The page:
VP Joan Ferenczy

Recently, Freddie Mac broke up a “ring” of former industry professionals operating a “company” that falsified the income, employment, and assets of their clients to qualify them for mortgage relief they would not normally have been eligible for. Every file this company sent in had identical paystub templates and bank account statements that did not belong to their clients.

The case was referred to Freddie Mac"s fraud investigations unit by one of our lenders, underscoring the success of a two-year-old decision to make systematic mortgage fraud reporting a contractual obligation. This transformation was accomplished when we added a new anti-mortgage fraud chapter to our Seller/Servicer Guide.

That's important because Freddie Mac's Seller/Servicer Guide has the force of a binding legal contract on the lenders who buy and service mortgages owned or guaranteed by Freddie Mac. Specifically, the anti-mortgage fraud chapter (Chapter 7, "Mortgage Fraud Detection, Prevention and Reporting") requires lenders to:

  • Proactively detect, report, and prevent fraud involving mortgages owned or guaranteed by Freddie Mac.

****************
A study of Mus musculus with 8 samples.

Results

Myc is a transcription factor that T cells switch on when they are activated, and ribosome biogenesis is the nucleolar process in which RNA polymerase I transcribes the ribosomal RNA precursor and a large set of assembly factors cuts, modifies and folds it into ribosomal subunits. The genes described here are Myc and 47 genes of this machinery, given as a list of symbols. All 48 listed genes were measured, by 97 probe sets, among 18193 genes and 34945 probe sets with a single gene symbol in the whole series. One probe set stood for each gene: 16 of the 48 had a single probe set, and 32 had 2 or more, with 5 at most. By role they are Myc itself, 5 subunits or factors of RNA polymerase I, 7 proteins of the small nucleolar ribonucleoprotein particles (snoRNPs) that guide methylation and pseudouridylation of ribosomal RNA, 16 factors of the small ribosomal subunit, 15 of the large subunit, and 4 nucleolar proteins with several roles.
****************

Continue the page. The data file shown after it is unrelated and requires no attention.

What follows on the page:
• Train their employees to spot mortgage files with signs that indicate probable fraud (like first payment defaults).
  • Set up an internal process for escalating and investigating suspicious activities. 
  • Calibrate their in-house quality control programs to look for signs of fraud.

As lenders established more internal anti-fraud units, mortgage fraud reports to our investigators increased dramatically.  In fact, we estimate we've received more than 3,300 additional reports of potential frauds since Chapter 7 took effect in January 2011.  This is on top of the investigations triggered by the hundreds of reports we receive through our 1-800-4FRAUD-8 tip line and via email to  This, in turn, has enabled us to launch hundreds of additional investigations to protect borrowers, lenders, taxpayers, and Freddie Mac from unnecessary losses.